Yassss Surpasses Amazeballs

A recent study published in the Journal of Linguistic Anthropology has successfully determined the most efficient way of identifying whether or not a person is awful, in every sense of the word.

Surpassing the formerly overused term “amazeballs”—the undefeated front-runner since 2010—“yassss” has steadily climbed its way out of obscurity and into the mainstream. It is now regarded as the most reliable indicator of whether a person is terrible, without error.

“We look to social media to keep an eye out for these trends,” says researcher Cheryl Johnson of the breakthrough method. With a simple search into the history of thousands of Facebook users, meme-sharers on Instagram, and overly active Disqus commenters, Johnson and her fellow researchers were able to review a hefty sample of the population to reach their consensus. “We end up sifting through hundreds of thousands of zombie memes, captions using ‘noms’ to refer to food, and countless ECards depicting women proclaiming their love for drinking wine,” Johnson states. “It’s hard to stomach, but it’s part of the job.”

Although the word has been used unironically for years, pop icon Nicki Minaj propelled the term into the public vernacular in 2014. Most recently featured on the Comedy Central series Broad City, “yassss” was officially sealed as the most ubiquitous phrase of 2015, overused by otherwise boring and unoriginal people who are still, somehow, productive members of society.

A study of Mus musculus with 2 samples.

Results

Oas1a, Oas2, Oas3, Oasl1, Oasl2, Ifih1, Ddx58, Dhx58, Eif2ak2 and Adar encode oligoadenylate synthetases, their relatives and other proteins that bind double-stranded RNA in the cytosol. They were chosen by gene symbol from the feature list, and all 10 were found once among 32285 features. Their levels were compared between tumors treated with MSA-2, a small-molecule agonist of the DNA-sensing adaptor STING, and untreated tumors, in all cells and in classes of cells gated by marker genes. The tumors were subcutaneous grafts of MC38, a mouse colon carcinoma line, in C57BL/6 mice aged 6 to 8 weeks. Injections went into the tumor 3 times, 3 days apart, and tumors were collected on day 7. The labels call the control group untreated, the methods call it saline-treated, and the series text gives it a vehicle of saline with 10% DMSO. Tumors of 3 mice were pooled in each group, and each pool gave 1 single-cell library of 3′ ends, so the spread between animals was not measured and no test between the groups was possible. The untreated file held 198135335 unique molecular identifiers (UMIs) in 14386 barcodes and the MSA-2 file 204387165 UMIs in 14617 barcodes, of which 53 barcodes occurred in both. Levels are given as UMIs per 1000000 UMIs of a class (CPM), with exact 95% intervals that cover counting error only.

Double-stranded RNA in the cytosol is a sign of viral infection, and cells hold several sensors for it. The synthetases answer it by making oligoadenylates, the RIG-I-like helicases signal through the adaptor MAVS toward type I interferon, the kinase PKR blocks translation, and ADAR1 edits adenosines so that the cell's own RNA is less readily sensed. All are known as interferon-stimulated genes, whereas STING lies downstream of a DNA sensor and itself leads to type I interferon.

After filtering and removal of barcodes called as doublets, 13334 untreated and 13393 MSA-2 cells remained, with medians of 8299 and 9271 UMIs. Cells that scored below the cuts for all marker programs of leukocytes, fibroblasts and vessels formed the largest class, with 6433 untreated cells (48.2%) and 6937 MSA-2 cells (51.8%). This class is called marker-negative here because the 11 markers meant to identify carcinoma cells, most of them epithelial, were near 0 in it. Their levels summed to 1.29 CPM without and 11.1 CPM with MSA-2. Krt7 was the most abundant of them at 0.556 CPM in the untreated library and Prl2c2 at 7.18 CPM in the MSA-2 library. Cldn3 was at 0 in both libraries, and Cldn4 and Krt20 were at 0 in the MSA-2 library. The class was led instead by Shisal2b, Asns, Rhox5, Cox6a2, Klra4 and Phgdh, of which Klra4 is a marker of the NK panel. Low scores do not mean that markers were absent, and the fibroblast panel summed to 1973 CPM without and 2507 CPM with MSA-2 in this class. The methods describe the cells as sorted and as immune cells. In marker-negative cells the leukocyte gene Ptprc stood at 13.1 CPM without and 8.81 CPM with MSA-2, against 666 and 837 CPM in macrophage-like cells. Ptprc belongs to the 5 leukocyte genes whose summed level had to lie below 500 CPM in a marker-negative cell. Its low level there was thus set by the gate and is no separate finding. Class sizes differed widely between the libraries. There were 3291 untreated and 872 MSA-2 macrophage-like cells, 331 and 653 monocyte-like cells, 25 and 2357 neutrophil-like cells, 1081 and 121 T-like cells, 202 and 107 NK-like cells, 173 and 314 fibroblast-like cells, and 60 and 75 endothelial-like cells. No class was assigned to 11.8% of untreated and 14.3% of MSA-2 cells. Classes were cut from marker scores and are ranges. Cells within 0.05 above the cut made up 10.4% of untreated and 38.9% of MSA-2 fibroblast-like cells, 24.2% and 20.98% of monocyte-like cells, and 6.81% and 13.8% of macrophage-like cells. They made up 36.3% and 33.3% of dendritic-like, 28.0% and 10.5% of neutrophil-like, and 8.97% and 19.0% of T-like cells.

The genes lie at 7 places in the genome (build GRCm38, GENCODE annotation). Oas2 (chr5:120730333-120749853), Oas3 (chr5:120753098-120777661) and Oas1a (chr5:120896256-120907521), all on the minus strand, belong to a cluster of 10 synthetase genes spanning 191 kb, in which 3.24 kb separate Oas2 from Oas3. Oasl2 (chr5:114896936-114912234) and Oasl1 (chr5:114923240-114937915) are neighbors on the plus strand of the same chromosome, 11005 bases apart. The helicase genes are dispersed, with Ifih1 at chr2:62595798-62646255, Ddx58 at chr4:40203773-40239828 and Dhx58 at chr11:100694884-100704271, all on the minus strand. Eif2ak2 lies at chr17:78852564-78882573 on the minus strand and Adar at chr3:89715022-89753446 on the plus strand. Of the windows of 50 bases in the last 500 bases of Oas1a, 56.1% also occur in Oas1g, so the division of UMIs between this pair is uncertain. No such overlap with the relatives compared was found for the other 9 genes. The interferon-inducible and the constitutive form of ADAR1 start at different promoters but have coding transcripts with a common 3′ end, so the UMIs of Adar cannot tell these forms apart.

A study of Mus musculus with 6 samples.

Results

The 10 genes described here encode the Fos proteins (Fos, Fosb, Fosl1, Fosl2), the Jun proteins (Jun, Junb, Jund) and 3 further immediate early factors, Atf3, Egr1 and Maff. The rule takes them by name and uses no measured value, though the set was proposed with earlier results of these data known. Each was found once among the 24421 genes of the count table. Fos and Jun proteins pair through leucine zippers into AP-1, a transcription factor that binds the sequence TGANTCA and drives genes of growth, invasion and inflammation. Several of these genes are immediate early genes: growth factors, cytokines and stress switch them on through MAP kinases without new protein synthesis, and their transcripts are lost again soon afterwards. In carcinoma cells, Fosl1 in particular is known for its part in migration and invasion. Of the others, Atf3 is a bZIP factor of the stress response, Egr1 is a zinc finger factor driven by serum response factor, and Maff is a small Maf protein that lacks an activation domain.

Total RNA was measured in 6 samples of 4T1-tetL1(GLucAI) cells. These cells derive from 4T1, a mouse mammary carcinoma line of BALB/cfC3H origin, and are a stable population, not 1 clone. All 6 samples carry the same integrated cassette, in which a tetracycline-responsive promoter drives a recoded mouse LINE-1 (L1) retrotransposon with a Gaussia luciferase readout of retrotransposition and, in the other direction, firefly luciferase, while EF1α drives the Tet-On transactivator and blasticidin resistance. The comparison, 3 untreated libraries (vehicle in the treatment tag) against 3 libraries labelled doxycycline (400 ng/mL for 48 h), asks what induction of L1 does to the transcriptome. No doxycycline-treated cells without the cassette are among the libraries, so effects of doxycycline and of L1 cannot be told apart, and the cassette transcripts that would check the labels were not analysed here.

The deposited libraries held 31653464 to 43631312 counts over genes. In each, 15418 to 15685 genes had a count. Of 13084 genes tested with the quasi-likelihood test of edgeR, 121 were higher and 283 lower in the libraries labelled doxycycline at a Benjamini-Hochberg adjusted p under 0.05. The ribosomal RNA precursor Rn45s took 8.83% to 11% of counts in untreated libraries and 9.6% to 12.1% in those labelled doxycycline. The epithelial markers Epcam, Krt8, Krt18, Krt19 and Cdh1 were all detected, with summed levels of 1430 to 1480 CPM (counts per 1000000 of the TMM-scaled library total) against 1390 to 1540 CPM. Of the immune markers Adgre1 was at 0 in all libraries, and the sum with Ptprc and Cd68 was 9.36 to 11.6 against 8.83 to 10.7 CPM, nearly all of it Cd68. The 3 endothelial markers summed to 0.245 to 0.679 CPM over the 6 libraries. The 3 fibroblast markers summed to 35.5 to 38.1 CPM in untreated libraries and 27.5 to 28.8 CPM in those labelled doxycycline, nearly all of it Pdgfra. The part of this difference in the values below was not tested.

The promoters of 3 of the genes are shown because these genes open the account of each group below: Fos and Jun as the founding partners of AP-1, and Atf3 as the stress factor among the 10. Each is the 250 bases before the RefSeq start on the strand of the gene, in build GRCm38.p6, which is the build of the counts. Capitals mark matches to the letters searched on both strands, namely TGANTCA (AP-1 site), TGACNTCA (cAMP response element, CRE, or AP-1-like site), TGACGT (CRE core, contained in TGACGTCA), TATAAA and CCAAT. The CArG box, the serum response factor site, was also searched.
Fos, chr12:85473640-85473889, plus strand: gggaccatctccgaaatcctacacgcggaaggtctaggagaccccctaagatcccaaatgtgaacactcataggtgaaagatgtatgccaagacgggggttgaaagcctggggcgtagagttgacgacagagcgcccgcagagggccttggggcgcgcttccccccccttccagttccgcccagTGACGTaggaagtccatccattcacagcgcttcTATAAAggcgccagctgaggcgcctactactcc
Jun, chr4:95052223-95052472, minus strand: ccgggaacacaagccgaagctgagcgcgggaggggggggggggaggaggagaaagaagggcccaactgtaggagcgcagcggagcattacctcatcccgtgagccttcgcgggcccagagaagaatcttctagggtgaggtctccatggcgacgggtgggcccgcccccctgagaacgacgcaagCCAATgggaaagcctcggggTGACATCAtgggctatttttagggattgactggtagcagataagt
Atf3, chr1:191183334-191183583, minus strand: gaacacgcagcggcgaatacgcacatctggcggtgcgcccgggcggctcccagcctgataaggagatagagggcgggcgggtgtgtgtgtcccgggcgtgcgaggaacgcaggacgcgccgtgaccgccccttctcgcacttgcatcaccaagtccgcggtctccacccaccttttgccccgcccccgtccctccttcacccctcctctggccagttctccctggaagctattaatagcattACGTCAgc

“We originally theorized that pro-woman forces like Nicki Minaj and Broad City would yield more nuanced, enlightened behavior in young women, but our findings show that their cultural influence ultimately had the opposite effect. We’re now seeing a spike in more awful people jumping on yet another tired, oversaturated bandwagon,” says Johnson. “It really is too bad too. I actually love Broad City.”

According to Johnson’s research, opting to add “betch” or the even less creative “bish” to the term “yasss” allows the general public to quickly identify whether or not the user is anyone worth knowing, even in the most remote of senses. “Upon viewing the friend list of users of the phrase “Yasss bish” from 2014 to 2015, we noticed a 7% decrease in the number of Facebook friends,” Johnson says. “People are able to spot these behaviors almost immediately, and many choose to distance themselves from the user, for good reason.”

“Amazeballs” can still be found within the lexicon of the most terrible people, and is still holding on as a close runner-up, with a direct correlation to the use of bluetooth technology that has continued to repel the vast majority of the general population since 1998.